The first-quarter GDP will drop due to the increasing Covid-19 cases and restrictions, according economists from JPMorgan.
According to them, the economy will expand in the second and third quarter, based on the progress of vaccine development.
“This winter will be grim, and we believe the economy will contract again in 1Q,” the economists wrote.
They predicted that the first-quarter GDP will contract by 1% after an increase of 2.8% in the fourth quarter. The economy will rally in the second quarter, they said. Moreover, they anticipate a growth of 4.5% followed by a robust 6.5% in the third quarter.
The economists also forecast about $1 trillion of fiscal stimulus, starting near the end of the first quarter.
“One thing that is unlikely to change between 2020 and 2021 is that the virus will continue to dominate the economic outlook. … Case counts in the latest wave are easily surpassing the March and July waves,” the economists wrote.
Economic reopenings have helped the economy recovery slightly, they said. “The economy no longer has that tailwind; instead it now faces the headwind of increasing restrictions on activity. The holiday season — from Thanksgiving through New Year’s — threatens a further increase in cases,” they added.
The economists predict monthly declines in employment at different points over the next few months, but monthly job gains could turn into millions around the middle of the year and then moderate again late in 2021.
“We think the trends in the labor market should roughly follow what we expect for consumer spending — job growth should weaken noticeably around the turn of the year as the virus weighs on the economy, and then pick up again early next year once vaccine distribution eases virus concerns and fiscal support boosts growth,” they wrote.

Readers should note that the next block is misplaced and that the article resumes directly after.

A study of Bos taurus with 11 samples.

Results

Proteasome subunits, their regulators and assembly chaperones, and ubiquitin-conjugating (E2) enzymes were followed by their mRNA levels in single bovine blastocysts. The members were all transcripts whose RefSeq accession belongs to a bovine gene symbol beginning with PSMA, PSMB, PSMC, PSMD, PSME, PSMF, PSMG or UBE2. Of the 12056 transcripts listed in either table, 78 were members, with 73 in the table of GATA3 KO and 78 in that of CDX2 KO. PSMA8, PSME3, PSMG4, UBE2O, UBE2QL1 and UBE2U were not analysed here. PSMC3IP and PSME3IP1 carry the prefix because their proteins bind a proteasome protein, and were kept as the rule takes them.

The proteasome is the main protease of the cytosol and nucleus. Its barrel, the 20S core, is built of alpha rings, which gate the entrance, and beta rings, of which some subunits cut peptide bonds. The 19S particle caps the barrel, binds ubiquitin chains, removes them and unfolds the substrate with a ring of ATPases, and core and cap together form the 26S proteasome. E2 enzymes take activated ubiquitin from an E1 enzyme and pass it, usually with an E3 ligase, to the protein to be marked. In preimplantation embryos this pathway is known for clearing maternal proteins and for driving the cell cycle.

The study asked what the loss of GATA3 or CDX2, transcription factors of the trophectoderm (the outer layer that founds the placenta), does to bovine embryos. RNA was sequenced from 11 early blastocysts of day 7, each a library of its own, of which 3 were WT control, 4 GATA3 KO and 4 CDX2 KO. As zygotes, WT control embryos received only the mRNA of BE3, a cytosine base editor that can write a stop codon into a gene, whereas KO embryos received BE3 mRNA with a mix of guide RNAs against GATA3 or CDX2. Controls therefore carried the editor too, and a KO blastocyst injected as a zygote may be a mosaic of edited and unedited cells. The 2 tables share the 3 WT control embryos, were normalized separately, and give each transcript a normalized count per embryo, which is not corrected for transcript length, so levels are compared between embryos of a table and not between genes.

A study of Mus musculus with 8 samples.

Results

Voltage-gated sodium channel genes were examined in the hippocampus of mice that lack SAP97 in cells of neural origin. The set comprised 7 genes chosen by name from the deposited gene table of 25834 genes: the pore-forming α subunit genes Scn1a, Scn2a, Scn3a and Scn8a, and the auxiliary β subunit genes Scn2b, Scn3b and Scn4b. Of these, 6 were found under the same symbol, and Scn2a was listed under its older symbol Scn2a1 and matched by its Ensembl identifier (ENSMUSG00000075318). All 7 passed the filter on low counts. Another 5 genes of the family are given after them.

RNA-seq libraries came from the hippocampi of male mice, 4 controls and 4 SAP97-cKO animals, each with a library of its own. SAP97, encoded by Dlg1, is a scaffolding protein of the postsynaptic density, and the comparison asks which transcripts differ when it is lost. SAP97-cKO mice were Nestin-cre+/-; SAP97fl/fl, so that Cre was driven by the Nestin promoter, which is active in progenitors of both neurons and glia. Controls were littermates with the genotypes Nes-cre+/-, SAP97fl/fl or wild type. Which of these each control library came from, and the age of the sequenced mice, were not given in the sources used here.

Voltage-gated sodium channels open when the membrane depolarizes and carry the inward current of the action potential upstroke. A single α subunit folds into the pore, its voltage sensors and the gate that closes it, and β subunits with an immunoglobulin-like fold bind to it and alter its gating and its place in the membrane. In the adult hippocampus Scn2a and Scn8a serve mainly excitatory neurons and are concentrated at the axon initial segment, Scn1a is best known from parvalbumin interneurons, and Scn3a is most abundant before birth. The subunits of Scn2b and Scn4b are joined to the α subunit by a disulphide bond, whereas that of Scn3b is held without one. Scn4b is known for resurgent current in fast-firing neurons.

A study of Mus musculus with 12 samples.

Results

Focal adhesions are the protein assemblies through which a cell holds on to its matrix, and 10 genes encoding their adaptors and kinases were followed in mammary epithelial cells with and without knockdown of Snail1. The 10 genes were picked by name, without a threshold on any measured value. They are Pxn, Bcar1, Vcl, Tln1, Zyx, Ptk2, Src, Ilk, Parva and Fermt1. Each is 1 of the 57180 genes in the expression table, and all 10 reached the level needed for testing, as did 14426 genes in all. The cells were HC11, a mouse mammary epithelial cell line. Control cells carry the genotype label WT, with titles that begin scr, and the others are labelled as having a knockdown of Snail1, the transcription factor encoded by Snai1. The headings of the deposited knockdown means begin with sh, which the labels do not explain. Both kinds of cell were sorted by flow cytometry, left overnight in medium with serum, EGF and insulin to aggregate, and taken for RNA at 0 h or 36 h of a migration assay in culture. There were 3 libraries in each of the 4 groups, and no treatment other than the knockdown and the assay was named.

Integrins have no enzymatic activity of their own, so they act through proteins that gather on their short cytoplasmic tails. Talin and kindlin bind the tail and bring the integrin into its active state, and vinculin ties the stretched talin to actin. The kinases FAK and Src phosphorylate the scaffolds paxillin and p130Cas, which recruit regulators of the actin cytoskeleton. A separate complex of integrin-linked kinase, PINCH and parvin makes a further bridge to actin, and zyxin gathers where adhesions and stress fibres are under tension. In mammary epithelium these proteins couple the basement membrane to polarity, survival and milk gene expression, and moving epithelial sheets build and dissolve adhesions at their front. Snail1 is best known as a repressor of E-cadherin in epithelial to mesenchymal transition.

First-quarter GDP vs. Covid peak
Dr. Scott Gottlieb, former commissioner of the FDA and a CNBC contributor, said that the U.S. may experience Covid peak in January as the country experiences outbreaks.
He said that scientists and public health officials still warn that the U.S. could experience Covid peak even if there is reported progress in vaccine development.
According to Pfizer and BioNTech’s statement, their coronavirus vaccine was more than 90% effective in responding to Covid-19 among those without proof of prior infection. They consider the development as “a great day for science and humanity.”
“I think we can see light at the end of the tunnel,” Pfizer Chairman and CEO Dr. Albert Bourla said during an interview on CNBC’s Meg Tirrell on “Squawk Box.” “I believe this is likely the most significant medical advance in the last 100 years, if you count the impact this will have in public health, global economy.”
“We are three to four weeks behind Europe now and we are headed in the same direction in terms of the progression of the disease,” Dr. Scottlieb said. “We are not moving fast enough to change our behaviors, reduce mobility, and take policy actions to stop the trend.”
“Looking at the epidemic curve, Covid cases will peak in January and we will see cases starting to decline in March,” he said.
“Hopefully, we should have some semblance of normalcy in the summer of 2021. By that time, it’s hoped the older population will be vaccinated. By the fall of 2021, the vaccine will be more available to people of all ages,” he noted.